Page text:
The simple answer to this question is yes.
Eustachian tube dysfunction is a condition where the the eustachian tubes of the middle ear do not open and close the correct way. The eustachian tubes are small tubes that go from the middle ear (the part of the ear behind the eardrum) to the back of the throat. There is one eustachian tube for each ear. The eustachian tubes are about 1 1/2 inches long and regulate the air pressure between the middle ear and the atmosphere outside the ear. The eustachian tubes also serve the purpose of draining fluid and mucus from the middle ear. Normally, the tubes are closed. When there is an increase in atmospheric pressure ( e.g., high altitudes, deep water) people typically will intentionally swallow, yawn, or chew gum in order to force the eustachian tube open which will cause an equalization in pressure. If someone is unable to equalize this pressure difference, one may experience ear pain, a clogged or blocked feeling of the ears, decreased hearing, ringing of the ears (tinnitus), a fullness of the ears, popping of the ears, and/or dizziness.
There are a variety of causes of eustachian tube dysfunction. Swelling of the eustachian tubes can occur due to allergies (i.e., allergic rhinitis, hay fever), upper respiratory infections (URI’s), and sinus infections. The swelling causes the tubes to stay closed, preventing them from opening with the normal everyday functions such as swallowing and yawning. As a result, a pressure difference occurs between the middle ear and the outside atmospheric pressure causing the symptoms of eustachian tube dysfunction to develop. One may complain of ears that are painful, blocked, full, popping, etc. Fluid may also collect in the middle ear which can further increase one’s symptoms. In addition, the fluid can get infected which will often lead to ear infections (otitis media). Note that the length of the eustachian tubes is shorter, and thus more easily blocked, in children than in adults, predisposing them to a higher risk of ear infections; this is a reason to see a pediatric allergist here in McLean, Manassas or Washington, DC as soon as possible. /2015/08/04/can-clogged-ears-be-caused-by-allergies/ /2015/08/04/can-clogged-ears-be-caused-by-allergies/ /2015/08/04/can-clogged-ears-be-caused-by-allergies/ Cigarette smoking, enlarged adenoids, and obesity are other factors that can predispose and/or cause eustachian tube dysfunction.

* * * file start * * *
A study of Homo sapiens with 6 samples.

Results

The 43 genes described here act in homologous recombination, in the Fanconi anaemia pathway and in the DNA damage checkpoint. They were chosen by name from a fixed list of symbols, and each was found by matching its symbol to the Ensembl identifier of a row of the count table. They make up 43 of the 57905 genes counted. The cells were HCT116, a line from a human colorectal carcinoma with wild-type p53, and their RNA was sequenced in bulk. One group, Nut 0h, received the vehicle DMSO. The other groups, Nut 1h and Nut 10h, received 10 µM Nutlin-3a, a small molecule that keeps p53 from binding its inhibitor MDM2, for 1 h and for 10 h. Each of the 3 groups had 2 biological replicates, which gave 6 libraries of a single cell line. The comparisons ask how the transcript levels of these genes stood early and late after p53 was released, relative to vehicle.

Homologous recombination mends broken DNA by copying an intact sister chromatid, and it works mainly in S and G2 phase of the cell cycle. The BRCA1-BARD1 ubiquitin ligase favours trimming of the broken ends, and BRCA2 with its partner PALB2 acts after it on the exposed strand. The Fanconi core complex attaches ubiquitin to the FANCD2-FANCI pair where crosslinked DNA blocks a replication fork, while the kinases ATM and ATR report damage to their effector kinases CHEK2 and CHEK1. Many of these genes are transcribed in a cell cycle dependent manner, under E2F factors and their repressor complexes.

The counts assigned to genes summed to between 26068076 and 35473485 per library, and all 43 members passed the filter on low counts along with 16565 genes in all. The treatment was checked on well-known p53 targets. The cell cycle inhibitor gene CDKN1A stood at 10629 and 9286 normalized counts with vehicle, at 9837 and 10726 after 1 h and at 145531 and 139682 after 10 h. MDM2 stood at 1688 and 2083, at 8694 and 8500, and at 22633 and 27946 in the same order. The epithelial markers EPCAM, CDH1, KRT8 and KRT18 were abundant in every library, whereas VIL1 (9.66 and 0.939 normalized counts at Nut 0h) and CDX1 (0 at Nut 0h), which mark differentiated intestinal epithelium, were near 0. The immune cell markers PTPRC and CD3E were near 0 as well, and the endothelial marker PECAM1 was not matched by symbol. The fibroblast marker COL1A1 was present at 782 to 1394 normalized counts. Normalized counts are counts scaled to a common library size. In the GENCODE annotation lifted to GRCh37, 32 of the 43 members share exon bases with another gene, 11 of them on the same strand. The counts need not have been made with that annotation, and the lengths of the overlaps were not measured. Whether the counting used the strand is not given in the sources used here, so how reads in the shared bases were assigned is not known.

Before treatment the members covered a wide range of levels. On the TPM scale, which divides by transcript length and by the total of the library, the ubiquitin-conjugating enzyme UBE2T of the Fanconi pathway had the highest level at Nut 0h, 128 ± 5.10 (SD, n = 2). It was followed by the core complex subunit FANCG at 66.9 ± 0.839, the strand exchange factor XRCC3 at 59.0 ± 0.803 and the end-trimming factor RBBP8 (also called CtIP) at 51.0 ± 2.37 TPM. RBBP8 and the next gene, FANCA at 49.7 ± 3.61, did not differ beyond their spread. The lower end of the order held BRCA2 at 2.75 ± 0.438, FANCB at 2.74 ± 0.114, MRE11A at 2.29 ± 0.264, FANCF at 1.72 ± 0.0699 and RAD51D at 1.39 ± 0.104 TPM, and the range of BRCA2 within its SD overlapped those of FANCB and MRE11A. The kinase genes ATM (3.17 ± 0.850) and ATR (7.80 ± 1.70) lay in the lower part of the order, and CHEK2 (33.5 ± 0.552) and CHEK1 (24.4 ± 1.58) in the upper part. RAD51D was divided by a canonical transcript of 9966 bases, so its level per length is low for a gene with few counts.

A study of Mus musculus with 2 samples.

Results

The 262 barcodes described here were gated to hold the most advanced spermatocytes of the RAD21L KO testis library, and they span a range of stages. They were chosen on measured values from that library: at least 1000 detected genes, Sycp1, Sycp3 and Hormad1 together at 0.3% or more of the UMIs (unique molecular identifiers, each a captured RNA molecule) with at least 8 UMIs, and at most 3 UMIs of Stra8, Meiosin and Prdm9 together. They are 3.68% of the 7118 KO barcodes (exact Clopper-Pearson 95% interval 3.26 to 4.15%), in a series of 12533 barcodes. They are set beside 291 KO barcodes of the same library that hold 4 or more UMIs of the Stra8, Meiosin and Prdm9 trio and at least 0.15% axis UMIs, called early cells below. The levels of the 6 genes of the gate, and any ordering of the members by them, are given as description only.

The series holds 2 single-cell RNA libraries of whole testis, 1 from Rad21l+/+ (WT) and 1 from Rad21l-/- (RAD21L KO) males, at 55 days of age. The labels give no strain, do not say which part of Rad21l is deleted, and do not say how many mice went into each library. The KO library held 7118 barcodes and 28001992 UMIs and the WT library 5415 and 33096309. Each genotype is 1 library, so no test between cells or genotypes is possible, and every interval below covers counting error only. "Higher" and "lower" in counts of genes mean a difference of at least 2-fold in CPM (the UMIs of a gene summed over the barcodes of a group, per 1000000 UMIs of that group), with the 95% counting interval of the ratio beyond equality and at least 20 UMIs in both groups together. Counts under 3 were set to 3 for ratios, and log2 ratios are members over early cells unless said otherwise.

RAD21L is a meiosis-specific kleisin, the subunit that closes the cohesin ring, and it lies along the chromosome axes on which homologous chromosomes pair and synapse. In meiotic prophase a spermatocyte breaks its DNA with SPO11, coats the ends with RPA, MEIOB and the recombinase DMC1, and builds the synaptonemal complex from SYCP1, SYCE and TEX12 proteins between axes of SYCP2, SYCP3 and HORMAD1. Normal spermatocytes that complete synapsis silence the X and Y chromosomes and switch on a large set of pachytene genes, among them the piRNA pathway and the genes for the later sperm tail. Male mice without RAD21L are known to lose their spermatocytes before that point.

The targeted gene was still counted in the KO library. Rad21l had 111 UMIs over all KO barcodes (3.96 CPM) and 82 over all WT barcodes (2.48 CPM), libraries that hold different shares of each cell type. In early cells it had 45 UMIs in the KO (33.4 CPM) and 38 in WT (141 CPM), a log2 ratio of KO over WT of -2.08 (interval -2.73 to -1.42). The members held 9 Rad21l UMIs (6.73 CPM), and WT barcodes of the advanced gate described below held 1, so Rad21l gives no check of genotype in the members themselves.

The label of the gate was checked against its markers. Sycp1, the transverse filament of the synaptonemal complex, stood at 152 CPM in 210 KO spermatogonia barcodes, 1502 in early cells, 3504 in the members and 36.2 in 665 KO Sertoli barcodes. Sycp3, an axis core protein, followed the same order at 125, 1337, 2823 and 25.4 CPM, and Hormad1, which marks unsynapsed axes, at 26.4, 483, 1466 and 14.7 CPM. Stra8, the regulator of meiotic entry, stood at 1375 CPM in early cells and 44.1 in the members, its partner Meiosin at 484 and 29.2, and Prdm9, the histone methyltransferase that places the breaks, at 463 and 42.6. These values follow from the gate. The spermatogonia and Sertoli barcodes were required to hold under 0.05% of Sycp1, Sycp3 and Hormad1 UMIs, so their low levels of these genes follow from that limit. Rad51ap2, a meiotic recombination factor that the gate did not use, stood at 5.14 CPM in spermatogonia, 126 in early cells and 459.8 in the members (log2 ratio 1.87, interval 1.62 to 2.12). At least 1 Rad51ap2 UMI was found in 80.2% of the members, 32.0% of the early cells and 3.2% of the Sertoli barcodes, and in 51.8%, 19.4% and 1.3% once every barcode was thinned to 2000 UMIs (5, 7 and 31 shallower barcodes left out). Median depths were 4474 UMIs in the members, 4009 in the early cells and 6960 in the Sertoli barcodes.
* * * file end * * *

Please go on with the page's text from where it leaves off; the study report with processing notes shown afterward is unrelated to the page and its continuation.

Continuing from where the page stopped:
As mentioned above, allergies play an important role in causing eustachian tube dysfunction. Allergic rhinitis (hay fever) is a condition where there is inflammation and swelling in the nasal and sinus regions due to an allergen such as pollen, dust mites, molds, and animals. It is the swelling component of this allergic condition which contributes to the symptoms of eustachian tube dysfunction.
The board certified allergists at Black & Kletz Allergy have been diagnosing and treating children and adults with “clogged ears” for over 50 years in the Washington, DC, Northern Virginia, and Maryland metropolitan area. Diagnosing and treating the underlying condition, which often is due to allergies, is the primary way to alleviate the “clogged ears.” There are numerous allergy medications (i.e., decongestants, nasal corticosteroid sprays, antihistamines), as well as allergy immunotherapy (allergy shots) that can be utilized in order to treat and/or prevent “clogged ears.” If you suffer from these symptoms or other allergy symptoms, please call any one of our 3 convenient office locations in the DC metro area. We have offices in Washington, DC, McLean, VA, (Tyson’s Corner, VA), and Manassas, VA. All 3 offices have on-site parking and the Washington, DC and McLean, VA locations are Metro accessible. You can also click Request an Appointment and we will respond within 24 hours by the next business day. Black & Kletz Allergy is dedicated to help you get relief from your allergy symptoms in a caring professional environment.